New York 1924
By GM Alexander Alekhine
By GM Alexander Alekhine
‘‘We use ‘super tournament’ so much today that, as with ‘super-model’, ‘super-computer’ and like, its meaning has become, well, less than super. But New York 1924 was a super tournament that was truly extraordinary’’
So says GM Andy Soltis in his thoughtful foreword, before going on to add some important historical context to the tournament.
There’s a note from the publisher, explaining that although various editorial mishaps have been corrected form earlier editions, Alekhine’s original game notes have not been checked against the analysis of chess engines
‘By all means, if that is what you wish to do, go for it. For the rest of` us, it may be enough to sit back and savor one of the great chess tournament books of all time. Enjoy…’
There’s a reproduction of a memorable group photograph, with facsimile autographs of all of the players. They all look very serious except for Dr Emanuel Lasker. I’m not sure if the picture was taken before or after the event, but the impish look on the face of the second World Champion was of course ultimately justified. Further photographs of the players intersperse the text.
The tournament thoroughly deserves its place as one of the most memorable ever seen. The reigning World Champion, Capablanca, was there as were his predecessor (Dr. Lasker) and eventual successor (Alekhine). Past and future World Championship challengers Janowsky, Marshall and Bogoljubow (plus Maroczy, who for some reason never did get around to playing his proposed title match with Lasker) were there too, no doubt all eager to prove themselves against the world’s elite.
Ultimately, Dr. Lasker pulled off another one of his extraordinary tournament victories after an exciting race with Capablanca. The latter had sensationally lost to Reti early on and just couldn’t catch the eventual champion.
Revitalised tournament books can be judged by various methods.
It’s time for a close examination of three of the key criteria.
1) How good is the original version of the book?
Those who already own the Dover version of the tournament book will probably read it with mixed feelings. There’s no doubt that Alekhine’s annotations were ahead of their time but the format of the notes is clearly very dated and they are difficult for modern eyes to follow.
In short, the old edition is undoubtedly a great book, but these days can be seen as hard work.
2) Are the games lively, entertaining and educational?
The grand mix of players highlights a pivotal moment in the history of chess. This was the true dawning of a new age, with Richard Reti leading the way for ‘Hypermoderns’ and their ‘openings of the future’.
The old guard were by no means willing to move aside and the sparks certainly flew over the board.
Here’s a few key examples:
An excellent demonstration of White’s hypermodern approach 1-0 (31)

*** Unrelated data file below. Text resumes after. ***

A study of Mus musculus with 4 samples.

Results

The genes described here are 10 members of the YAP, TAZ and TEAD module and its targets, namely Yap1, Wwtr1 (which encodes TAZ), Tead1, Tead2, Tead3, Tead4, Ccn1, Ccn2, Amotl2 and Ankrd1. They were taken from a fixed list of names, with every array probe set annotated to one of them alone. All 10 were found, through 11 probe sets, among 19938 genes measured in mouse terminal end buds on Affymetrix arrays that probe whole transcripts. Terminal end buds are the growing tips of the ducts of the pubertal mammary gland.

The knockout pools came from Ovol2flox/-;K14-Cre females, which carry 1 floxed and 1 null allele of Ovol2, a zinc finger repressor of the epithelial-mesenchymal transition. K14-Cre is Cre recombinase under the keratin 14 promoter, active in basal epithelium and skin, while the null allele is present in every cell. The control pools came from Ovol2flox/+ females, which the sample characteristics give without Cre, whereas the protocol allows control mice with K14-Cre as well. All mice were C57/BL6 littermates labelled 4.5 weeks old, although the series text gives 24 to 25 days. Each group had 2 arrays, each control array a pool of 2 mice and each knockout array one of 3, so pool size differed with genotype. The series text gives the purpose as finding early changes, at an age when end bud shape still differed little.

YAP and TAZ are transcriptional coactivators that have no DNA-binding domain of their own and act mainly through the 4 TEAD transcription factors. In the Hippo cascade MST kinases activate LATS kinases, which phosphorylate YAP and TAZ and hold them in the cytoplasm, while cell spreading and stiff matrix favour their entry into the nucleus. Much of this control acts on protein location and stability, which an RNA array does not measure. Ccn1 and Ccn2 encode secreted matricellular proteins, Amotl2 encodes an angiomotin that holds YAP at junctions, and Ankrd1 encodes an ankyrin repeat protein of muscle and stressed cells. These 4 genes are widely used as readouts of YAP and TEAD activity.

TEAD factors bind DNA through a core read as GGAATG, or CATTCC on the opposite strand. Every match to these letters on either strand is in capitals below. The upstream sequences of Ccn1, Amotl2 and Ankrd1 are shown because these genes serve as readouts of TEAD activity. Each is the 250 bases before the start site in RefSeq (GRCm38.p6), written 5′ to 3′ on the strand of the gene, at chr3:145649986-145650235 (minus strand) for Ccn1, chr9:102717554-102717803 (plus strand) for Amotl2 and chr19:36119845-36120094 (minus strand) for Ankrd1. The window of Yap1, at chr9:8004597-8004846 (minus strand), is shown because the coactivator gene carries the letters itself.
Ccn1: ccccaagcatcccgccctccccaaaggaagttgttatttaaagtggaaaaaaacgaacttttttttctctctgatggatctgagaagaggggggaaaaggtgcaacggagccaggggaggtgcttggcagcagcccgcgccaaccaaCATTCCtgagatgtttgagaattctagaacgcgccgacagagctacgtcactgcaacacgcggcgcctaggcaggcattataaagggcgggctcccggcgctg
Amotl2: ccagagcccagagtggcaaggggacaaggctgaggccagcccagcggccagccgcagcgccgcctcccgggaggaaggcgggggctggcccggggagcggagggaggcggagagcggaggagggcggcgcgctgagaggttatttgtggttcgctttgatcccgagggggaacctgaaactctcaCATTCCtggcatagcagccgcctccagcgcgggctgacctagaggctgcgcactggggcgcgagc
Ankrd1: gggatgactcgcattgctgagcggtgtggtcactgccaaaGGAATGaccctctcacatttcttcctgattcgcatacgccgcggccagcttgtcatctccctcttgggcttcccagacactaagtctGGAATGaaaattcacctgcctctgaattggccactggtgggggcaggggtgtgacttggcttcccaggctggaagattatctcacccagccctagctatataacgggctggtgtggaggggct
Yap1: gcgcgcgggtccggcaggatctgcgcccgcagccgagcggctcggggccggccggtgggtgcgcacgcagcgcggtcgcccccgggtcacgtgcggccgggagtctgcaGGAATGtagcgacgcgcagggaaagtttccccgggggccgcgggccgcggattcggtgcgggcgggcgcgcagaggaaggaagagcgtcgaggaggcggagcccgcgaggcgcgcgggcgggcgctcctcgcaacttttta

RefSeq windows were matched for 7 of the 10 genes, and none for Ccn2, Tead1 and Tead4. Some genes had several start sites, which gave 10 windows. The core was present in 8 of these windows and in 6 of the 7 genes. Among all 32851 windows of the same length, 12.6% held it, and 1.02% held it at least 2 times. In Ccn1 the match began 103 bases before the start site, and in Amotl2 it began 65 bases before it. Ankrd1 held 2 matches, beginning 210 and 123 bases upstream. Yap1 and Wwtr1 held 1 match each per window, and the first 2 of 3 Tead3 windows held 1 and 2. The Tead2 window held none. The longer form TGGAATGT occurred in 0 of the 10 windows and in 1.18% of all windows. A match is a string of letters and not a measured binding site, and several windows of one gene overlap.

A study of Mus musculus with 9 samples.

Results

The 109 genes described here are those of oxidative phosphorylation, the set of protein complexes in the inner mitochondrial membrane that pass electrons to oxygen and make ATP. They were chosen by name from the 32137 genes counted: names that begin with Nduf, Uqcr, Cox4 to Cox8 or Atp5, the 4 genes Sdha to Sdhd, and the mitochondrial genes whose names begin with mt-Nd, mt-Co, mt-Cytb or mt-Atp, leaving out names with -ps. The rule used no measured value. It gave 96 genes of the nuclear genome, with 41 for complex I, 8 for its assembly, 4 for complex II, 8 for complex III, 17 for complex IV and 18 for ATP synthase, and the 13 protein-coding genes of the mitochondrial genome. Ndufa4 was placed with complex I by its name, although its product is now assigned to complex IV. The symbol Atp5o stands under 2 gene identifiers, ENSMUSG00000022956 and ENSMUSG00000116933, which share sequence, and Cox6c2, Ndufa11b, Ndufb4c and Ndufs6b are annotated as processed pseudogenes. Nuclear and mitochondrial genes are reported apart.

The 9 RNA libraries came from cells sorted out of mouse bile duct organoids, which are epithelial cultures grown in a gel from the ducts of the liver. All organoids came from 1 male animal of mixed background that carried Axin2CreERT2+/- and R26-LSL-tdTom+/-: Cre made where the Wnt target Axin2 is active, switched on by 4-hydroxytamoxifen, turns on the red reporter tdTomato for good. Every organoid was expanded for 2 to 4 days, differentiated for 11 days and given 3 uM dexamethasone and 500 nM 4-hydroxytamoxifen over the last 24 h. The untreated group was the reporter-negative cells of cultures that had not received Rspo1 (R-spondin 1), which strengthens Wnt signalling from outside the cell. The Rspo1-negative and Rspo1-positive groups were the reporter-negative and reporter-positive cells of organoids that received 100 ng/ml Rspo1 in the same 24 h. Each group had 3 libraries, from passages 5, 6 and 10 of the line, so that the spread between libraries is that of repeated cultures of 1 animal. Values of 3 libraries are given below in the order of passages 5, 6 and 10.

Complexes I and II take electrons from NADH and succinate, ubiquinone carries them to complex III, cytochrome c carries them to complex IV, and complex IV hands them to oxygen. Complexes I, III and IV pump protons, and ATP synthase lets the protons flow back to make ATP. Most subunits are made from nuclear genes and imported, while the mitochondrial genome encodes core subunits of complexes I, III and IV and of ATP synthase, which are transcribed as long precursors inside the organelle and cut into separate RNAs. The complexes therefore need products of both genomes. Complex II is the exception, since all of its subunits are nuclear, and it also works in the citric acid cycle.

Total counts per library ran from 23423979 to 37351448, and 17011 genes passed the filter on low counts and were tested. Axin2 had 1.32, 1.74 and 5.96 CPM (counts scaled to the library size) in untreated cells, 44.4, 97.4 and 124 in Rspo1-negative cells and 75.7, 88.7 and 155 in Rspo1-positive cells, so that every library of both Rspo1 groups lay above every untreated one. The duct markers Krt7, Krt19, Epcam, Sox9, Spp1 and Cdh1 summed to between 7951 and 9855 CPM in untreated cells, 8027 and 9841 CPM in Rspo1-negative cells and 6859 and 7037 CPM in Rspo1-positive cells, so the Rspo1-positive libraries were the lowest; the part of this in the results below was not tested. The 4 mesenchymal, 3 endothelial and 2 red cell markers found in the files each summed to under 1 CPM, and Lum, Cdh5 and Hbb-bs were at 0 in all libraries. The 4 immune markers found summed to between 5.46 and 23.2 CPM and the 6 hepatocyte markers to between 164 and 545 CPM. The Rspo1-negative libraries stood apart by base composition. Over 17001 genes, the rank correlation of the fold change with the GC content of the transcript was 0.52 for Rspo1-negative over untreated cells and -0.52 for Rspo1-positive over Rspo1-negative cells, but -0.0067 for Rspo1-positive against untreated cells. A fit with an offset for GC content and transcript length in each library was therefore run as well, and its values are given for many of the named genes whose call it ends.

The clashes in the openings were evident throughout the tournament. Famous endgames abounded too:
White drew from here, in 103 moves.
35 Kg3 ‘Decisive! White sacrifices material in order to obtain the classical position with king on f6, pawn on g6 and rook on h7, whereupon the black pawns tumble like rotten apples’.
Yes - White really is moving up the board. Several wins were missed before the game was drawn after 71 moves.
Those snippets should whet the appetite. Many more await the reader.
3) Is the new edition a worthy addition to chess literature?
The original book suffers from an outdated format and cramped layout. Russell Enterprises have very successfully improved both issues, with the notes now flowing through each game and the notation fully converted to algebraic. The pages are easy on the eye and the number of diagrams has been greatly increased.
The main body of the work is of course intact, and includes Alekhine’s famous article:
‘The Significance of the New York Tournament in the Light of the Theory Openings’.
His survey takes up 27 pages and he certainly has his work cut out, analysing his way through the classic openings (starting with the Ruy Lopez) through to the Reti Opening.
Some of his conclusions now appear quaint, such as his swipe at 1 e4 g6:
‘Capablanca took the liberty once of playing this ‘‘Joke Opening’’…naturally, this experiment has no claim to any theoretical significance.’
However, there is still plenty of wisdom in his words and it is historically interesting to see the differences in opinion between then and now.
Modern readers, who habitually eschew anything old fashioned (regardless of content and value) will have no problems being inspired to study the fabulous games.
It is good to see Russell Enterprises continuing to resurrect classic tomes for modern readers. One can only hope that the tournament book of Nottingham 1936 will receive similar treatment soon.